Aspiring documentary filmmakers may spend years in post-graduate school learning the genre, and years after that honing their skills, before ever reaching what for some is Canadian documentary nirvana - the National Film Board (NFB).
But for Nancy Wilson of Lunenburg, the path to Canada's film and digital media producer and distributor has been surprisingly quick.
The retired school psychologist, who first began dabbling in film in 2016 at a free seniors workshop through the Lunenburg Doc Fest, learned last week that the amateur documentary footage she created on her smart phone is now under consideration to become an NFB film.
"I'm working towards directing and co-producing a full-length documentary for the National Film Board, yes," Wilson confirmed to LighthouseNOW last week, adding, "using only my footage off the iPhone.
"It makes me want to cry," she squealed in delight.
If all goes according to plan, the 500 minutes of footage she has on her phone will be pared down to a 44-minute NFB film.
It's quite a leap for someone whose love of film previously had manifested itself in watching Netflix or going to the movie theatre, and whom welcomed the chance to participate in the Lunenburg Doc Festival's free workshop on documentaries for seniors largely because, if anything, if would give her something to do during the summer.
As it turns out, she found the workshop "amazing."
The weeks-long training had participants working independently to create a four-minute documentary using only their smart phones. During the process, they were mentored on aspects such as audio and lighting.
It was suggested they pick a topic that inspired them, and Wilson chose the Shambhala meditation group, which is based in the Mahone Bay Centre and of which she considers herself a "rookie" member.
Wilson titled her four-minute documentary Eyes Wide Open.
"Most people think when you meditate, you close your eyes and you kind of remove yourself from the world.
"In the Shambhala tradition, your eyes are wide open because you are present to everything that's happening. You are not in another state of mind," Wilson explains.
Enthralled by the documentary workshop, Wilson was inspired to carry on with her project.
She kept chipping away at her documentary, filming group members and some of the spots they chose to meditate.
'I just want to honour these people because they certainly had helped me out, and I learned a great deal," she says.
Eventually she had accumulated the 500 minutes of raw footage.
"It just grew and grew and grew."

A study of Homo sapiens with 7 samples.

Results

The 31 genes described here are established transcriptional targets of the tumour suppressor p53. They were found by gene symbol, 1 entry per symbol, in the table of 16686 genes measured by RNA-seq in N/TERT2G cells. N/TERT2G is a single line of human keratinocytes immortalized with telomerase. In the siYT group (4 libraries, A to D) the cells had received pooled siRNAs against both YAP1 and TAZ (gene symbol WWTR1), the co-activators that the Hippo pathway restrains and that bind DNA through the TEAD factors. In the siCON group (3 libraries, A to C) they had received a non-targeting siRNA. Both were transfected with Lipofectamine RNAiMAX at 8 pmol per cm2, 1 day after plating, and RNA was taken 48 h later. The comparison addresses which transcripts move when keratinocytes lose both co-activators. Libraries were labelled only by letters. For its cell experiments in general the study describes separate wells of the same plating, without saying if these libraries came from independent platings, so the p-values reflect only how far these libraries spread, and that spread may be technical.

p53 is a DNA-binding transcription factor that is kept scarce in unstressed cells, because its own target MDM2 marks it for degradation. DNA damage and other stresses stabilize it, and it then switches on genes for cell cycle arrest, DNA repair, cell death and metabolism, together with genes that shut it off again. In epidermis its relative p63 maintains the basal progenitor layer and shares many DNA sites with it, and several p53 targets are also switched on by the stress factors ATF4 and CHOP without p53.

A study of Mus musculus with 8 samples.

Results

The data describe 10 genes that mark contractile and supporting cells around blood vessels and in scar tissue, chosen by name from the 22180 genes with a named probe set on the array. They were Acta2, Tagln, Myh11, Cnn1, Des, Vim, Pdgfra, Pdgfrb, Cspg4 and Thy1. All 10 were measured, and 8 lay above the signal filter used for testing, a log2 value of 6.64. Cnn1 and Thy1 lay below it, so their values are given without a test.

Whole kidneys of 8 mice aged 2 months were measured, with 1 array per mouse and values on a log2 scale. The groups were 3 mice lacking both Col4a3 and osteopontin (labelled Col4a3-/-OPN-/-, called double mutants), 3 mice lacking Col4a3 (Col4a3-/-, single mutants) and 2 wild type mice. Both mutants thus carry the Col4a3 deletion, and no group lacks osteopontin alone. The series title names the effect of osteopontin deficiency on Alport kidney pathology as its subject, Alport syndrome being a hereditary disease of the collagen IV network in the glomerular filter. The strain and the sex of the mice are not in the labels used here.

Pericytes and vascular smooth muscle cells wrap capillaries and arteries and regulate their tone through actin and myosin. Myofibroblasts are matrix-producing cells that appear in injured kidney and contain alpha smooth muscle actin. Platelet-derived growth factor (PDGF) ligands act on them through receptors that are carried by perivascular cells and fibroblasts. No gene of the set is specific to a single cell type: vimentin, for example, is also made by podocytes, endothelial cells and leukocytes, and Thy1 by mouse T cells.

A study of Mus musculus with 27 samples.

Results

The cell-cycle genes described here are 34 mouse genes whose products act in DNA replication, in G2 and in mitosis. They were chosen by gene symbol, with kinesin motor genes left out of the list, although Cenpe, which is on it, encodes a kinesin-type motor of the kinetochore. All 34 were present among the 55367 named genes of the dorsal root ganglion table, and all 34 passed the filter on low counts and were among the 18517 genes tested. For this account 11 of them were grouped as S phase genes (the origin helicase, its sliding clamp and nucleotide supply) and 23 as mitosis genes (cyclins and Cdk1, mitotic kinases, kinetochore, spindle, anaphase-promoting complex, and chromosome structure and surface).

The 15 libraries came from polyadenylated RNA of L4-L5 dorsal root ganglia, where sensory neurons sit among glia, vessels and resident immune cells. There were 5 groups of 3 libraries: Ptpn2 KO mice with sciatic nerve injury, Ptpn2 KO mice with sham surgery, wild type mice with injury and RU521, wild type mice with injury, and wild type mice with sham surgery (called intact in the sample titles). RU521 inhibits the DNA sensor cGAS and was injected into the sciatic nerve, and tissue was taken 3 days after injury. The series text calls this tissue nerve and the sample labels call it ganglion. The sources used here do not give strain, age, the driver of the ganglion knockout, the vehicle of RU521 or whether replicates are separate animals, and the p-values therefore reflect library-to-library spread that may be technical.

Wilson says one of the valuable lessons she learned at the 2016 workshop was how to pitch one's documentary. She credits one of her mentors, filmmaker Dawn Harwood-Jones, as being a big help in pushing her forward with this.
"It takes a great deal of confidence. Ooh. I had to muster that big time to approach the NFB," she admits.
To meet the NFB's strict criteria, she was required to submit a 30-second film clip, along with an explanation as to why she believed the information would be appealing to the general public.
About six weeks after sending that off to the NFB's Atlantic production studios in Halifax, she received a formal letter back indicating the NFB was "'considering the idea.' Nothing else."
However, from there Wilson progressed to what she says is the "investigative level," which required her to pitch her documentary directly in Halifax.
And when LighthouseNOW caught up with Wilson on February 1, she had just learned she is now into "research and script.
"So I'm now at the third level," she explained excitedly.
According to Wilson, this means she will be assigned a producer who will act as a mentor.
The amateur admits that while some filmmakers apply to the NFB for financial backing, since the agency will fund up to 49 per cent of a production's budget, she herself has no such inspiration.
"I have no budget. I'm not interested in a budget," she insists.
"My concern was being able to get mentor-ship in terms of production and editing. And I think I'm nearing it."
Wilson was advised that the 500 minutes could be pared down to the 44-minute production and in the NFB library a year from now, after which the NFB will take its marketing on board.
In the meantime, the retired school psychologist notes that the NFB has a "flattering name" for novices such as herself.
"It's called 'emerging filmmakers.' So I am an emerging filmmaker," she says incredulously.